For me the words I use are a great concern when writing, as are the order and the moment I place them. English is a language I learned to like and use, but writing in english is a challenge, it demands from me four times the usual amount to write my thoughts. The good thing about it is that I read it over and over again four times more, so I have more time to think about what it is I'm trying to convey.
Maybe all that is the reason why "precision of language" caught my thoughts at the beginning.
Immediately he had been taken aside for a brief private lesson in language precision. He was not starving, it was pointed out. He was hungry."
Being unprecise then means lying, an 'uninttentioned lie', but still a lie.
So, in order to get what is needed one is impelled to act in a precise manner.
Sometimes (or all the time) it will include lying.
I don't really see much difference in the way I learned things are.
So first of all, I should warn you that everything you're reading here comes from what I believe and from the manner I've found to get what I need. But of course, you'll take only what you need from this text.
The other thought-provoking part was the one about feelings:
"Do you love me?
"...you used a very generalized word, so meaningless that it's become obsolete. (...) You could ask 'Do you enjoy me?' The answer is 'Yes."
It is indeed very funny how humanity raised this need of giving everything a correspondent sign, even what is not tangible.
And if you give it a deep thought, it becomes a bit confusing. All signs of love are not love itself and might not mean that the person who emitted them actually love. And though anyone is free to say "I love you", it doesn't mean everyone who say it really feel it. Therefore, people keep on saying "I love you" turning it into a very generalized word, so meaningless it'll soon become obsolete.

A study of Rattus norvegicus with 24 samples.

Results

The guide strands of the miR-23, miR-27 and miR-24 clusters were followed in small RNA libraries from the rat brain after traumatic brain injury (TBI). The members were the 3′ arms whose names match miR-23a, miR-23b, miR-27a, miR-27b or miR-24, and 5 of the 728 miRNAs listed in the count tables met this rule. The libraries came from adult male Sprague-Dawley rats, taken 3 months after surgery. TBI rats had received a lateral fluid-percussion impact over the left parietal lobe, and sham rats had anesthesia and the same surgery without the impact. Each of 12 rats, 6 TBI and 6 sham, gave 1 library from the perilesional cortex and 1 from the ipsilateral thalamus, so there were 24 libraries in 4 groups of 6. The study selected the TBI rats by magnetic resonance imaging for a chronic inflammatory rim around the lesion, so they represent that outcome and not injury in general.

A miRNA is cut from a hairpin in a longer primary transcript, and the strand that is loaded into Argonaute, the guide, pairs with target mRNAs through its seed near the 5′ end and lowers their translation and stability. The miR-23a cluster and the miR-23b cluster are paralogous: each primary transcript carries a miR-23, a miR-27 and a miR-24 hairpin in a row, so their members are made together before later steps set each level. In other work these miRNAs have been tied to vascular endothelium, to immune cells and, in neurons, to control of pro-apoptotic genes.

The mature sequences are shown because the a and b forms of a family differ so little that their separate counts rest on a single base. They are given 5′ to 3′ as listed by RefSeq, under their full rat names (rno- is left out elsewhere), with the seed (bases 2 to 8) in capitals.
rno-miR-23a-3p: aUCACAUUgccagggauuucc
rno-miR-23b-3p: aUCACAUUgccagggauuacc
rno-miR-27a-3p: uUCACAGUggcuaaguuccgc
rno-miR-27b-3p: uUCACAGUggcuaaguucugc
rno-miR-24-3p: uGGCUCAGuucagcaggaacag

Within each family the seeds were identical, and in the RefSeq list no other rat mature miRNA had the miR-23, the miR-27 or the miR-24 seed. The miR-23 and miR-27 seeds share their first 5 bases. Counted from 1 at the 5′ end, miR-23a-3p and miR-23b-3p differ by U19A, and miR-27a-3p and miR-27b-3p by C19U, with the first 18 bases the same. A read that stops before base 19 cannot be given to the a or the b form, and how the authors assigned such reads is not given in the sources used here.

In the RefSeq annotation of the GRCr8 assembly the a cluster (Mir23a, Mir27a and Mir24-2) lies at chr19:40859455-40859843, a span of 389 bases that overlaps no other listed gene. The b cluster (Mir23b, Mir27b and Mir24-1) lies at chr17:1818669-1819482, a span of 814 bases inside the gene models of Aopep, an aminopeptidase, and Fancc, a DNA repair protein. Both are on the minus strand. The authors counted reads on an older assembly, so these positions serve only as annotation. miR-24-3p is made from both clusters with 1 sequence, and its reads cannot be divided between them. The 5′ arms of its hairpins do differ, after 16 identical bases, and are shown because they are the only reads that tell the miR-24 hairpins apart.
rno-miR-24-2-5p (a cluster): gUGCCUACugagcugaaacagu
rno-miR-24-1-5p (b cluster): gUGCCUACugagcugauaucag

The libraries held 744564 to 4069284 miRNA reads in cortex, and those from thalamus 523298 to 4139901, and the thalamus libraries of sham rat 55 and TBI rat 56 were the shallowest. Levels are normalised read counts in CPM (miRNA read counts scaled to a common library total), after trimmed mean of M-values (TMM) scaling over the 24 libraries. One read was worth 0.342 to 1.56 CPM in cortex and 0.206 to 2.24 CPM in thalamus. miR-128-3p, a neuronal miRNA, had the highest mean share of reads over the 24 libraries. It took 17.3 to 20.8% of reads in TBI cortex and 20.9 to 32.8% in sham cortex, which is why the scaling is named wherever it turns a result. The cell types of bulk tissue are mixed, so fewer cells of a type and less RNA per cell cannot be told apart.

But what about the feeling attached to it? Is it possible to feel something you can't name? Or would you need to give it an unprecise name? Or maybe you would ignore it for such a long time, that it would stop being important.
The third thing I want to talk about here is the somewhat akward profession "the reciever of memories".
The book describes the characteristics of the reciever of memories as 'intelligence', 'integrity', 'courage', wisdom' and 'capacity to see beyond', being this last a one citizens wouldn't understand the meaning.
At this point I had a very specific catharsis recalling what is said about being an artist.
Now you don't really have to be intelligent, honest, brave or wise; you just have to make people believe you have the capacity to see beyond.
What I've tried though is to grow as an intelligent, honest and brave person to acquire wisdom and maybe be able to see beyond (language, at least).
And 'seeing beyond' itself is a rather ambiguous matter: if you are the only person who can see beyond something, you are more likely to be placed as someone with a kind of mental disturbance (unless you're an artist).
So I wonder who will be the next really capable of risking a comfortable sit in the audience to try something new just because it is coherent to their beliefs and to what they see to give back to society what they couldn't find, see or feel yet. Also, if this someone have consistent qualities they can pass on. And more than that, if this same person should or have the right to promote such change.
"They know nothing" (...)
"It's the way they live. It's the life life that was created for them. It's the same life that you would have, if you had not been chosen as my successor", as the reciever of memories.
Finally, I would like to say a word about sharing memories.
Well, guess that's kind of metalinguistic, because that is pretty much why I write: "The worst part of holding memories is not the pain. It's the loneliness of it. Memories need to be shared."
I deeply apologise for any inconvinience you face in unprecise language I might have used.